You can probably tell by the glazed, wide-eyed stare.
Or the dull “Huh?” that answers repeated attempts to get your child’s attention.
It’s technology overload.
Their brains are washed by constant beeps, alerts, texts, graphics, and hypnotizing video.
A digital sea of information and social media constantly pulls them deeper.
And it all seems too good to miss.
But the more they indulge, the more anxious they seem.
Less patient. More lethargic.
It’s too much.
Your kids need your help. Technology overload can be hard to overcome without guidance.
Lure them back to the real world.
- Set Limits. Limits, really? Yes! Regardless of how they balk, kids feel more safe and connected to you when you set guidelines. Being able to say, “My mom won’t let me text after 8:00pm,” is a lifeline they secretly appreciate when the whole wide world is in the palm of their hands, clamoring for their attention.
- Lead. Show kids the way. Reassure them that their fear of missing out on the next gaming level, text, or post can be overridden by the next face to face conversation or the family outing they’re about to have. They really do look up to you. Intentionally put your technology down for them. Your kids want you to show them restraint. Beat technology overload together.
- Play. You know, maybe your children just need help remembering what’s so great about three dimensional play. Send them outside. Bring them lemonade and sandwiches, invite the neighbor kids over. Remind them that they can run, jump, and dance far away from Kinect sensors and Wii-motes and still have fun. Just keep them outside until they get the hang of it again.
- Seek. Help kids choose a real adventure. A lot of kids get wrapped up in gaming because the excitement of an unpredictable journey seems possible only on those glowing screens. Show your child that you can chase a similar feeling in your neighborhood, community, or city. Plan a trip or, even better, jump in the car and drive, just to see how far you can get in an hour. Seek out new sights, sounds, and people. Take photos with a real camera, use a paper map, play I Spy.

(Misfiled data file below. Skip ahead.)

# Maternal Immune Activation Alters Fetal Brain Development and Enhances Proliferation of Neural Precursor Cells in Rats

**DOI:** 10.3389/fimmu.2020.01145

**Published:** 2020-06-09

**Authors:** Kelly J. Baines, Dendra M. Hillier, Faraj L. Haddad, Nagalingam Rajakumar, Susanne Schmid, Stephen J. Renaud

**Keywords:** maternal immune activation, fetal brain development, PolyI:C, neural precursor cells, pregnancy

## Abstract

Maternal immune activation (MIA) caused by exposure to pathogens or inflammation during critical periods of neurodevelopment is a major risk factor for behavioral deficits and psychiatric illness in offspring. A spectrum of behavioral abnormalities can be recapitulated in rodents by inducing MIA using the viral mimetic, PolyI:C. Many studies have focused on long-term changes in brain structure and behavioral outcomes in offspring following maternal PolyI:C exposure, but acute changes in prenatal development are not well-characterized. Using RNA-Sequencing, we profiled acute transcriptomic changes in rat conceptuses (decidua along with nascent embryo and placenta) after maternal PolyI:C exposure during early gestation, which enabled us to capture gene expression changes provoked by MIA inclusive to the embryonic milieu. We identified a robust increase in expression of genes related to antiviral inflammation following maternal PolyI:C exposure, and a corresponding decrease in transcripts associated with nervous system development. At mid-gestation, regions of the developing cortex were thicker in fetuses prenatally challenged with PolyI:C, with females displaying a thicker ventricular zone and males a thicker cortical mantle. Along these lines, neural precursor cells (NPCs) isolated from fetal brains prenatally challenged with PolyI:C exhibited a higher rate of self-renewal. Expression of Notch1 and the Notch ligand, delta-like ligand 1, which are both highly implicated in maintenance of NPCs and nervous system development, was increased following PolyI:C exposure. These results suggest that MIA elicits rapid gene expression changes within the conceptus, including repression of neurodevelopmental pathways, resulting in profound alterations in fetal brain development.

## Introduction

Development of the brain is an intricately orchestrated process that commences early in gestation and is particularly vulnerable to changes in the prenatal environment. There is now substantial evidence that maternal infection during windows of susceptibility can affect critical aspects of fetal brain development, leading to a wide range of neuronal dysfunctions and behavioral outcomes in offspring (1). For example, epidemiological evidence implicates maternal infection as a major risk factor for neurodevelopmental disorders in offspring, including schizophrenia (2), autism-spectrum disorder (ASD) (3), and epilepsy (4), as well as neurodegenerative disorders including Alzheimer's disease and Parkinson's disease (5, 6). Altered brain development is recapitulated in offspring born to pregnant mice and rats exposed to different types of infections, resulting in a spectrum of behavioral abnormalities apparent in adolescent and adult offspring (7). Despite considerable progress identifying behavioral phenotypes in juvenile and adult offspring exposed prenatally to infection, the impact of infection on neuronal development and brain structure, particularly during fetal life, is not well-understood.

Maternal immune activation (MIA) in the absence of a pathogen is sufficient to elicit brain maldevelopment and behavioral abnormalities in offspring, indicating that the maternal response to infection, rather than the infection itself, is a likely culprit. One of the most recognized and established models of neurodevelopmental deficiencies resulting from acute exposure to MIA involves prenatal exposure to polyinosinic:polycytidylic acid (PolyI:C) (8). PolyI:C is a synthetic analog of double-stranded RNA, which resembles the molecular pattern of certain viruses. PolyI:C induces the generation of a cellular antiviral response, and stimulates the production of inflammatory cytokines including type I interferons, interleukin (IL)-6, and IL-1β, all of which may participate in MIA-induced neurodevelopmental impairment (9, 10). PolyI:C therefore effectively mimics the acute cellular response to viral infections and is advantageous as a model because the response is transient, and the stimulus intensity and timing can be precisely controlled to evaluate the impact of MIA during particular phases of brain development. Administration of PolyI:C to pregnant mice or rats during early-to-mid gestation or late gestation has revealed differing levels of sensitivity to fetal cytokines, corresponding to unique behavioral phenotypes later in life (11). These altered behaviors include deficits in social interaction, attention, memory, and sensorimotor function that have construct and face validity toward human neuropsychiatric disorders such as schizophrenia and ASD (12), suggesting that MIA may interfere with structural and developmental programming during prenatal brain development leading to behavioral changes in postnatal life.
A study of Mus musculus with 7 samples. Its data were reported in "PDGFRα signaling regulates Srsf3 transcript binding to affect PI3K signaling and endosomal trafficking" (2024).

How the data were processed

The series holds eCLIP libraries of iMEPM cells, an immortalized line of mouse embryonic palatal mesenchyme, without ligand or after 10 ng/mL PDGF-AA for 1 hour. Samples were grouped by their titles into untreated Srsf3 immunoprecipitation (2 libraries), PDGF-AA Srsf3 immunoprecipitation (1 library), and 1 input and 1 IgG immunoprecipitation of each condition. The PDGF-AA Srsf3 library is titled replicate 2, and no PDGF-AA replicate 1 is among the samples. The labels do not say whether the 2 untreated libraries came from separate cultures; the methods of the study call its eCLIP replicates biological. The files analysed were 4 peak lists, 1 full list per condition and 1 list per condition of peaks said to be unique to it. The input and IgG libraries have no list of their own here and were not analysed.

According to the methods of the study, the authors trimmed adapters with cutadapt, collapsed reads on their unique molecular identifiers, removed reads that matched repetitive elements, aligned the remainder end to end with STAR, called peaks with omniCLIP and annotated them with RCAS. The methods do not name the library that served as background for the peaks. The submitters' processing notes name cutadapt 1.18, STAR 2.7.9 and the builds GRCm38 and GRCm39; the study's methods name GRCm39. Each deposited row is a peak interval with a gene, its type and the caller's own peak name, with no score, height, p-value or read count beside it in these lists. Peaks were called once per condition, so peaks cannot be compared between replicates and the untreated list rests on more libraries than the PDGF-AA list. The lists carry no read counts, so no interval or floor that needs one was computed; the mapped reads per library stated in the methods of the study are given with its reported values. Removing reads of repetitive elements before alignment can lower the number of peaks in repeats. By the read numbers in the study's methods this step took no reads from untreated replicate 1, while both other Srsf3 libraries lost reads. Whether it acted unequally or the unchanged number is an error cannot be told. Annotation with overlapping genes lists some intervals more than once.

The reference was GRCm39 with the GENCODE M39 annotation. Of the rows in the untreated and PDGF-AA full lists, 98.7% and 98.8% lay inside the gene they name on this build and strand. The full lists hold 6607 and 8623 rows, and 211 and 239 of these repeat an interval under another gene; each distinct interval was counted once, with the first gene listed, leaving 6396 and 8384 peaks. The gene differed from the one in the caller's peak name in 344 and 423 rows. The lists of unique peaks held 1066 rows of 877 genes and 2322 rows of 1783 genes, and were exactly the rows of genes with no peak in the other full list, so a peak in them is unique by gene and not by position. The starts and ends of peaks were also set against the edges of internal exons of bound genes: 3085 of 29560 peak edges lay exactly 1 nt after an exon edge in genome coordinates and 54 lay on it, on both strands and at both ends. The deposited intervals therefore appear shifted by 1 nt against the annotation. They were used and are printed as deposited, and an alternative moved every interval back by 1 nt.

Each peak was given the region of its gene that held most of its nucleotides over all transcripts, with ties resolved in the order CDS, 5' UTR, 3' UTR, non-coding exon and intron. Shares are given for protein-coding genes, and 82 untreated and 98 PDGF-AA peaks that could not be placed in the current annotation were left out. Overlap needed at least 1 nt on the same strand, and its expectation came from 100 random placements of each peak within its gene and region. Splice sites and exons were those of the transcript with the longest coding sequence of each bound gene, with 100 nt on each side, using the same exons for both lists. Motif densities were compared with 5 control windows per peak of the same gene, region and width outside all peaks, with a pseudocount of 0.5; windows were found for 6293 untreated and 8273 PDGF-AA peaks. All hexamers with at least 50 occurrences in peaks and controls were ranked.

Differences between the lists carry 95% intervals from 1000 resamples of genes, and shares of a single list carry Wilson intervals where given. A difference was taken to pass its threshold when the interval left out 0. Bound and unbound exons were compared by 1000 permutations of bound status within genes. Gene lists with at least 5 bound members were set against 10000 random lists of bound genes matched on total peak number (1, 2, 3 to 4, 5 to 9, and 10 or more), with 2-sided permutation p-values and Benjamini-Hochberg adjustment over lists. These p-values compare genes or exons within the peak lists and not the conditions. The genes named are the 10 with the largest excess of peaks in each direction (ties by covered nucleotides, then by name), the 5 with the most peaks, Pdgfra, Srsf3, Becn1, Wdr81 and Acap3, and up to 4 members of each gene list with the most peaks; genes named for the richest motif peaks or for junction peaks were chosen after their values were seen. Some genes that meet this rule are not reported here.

- Reconnect. Your kids may spend so much time online because that’s where they truly believe their “friends” are. Encourage your children to deepen relationships. Assure them that you’ll buy the snacks if they bring some of their friends home to hang out. For younger kids, plan play-dates and meet-ups at the park, keep free-time with real people a fun alternative to solitary, digital play.
- Schedule. Make screen-free moments destination points during your family’s day. Help your kids look forward to starting the day with you, not their phones, by choosing to chat during breakfast instead of checking Facebook. Inform your family that the hour between homework and dinner is time for a board game or bike ride. Keep bedrooms tech-free and reinstate bedtime stories, prayers, or an end-of-the-day recap before lights out.
- Challenge. Bravely cut the charging cord. Tell your kids that you’ll be letting the devices run down. Then put them away for a week. It may feel unbearable at first. But make it a contest. Spend time doing all the things you complain you don’t have time for. Then come together at the end of the day to marvel at your accomplishments.
Praise your kids for choosing to do things that are more productive. Let them know how wise and mature you think they are for prioritizing their time well.
Reward them for tackling technology overload and winning.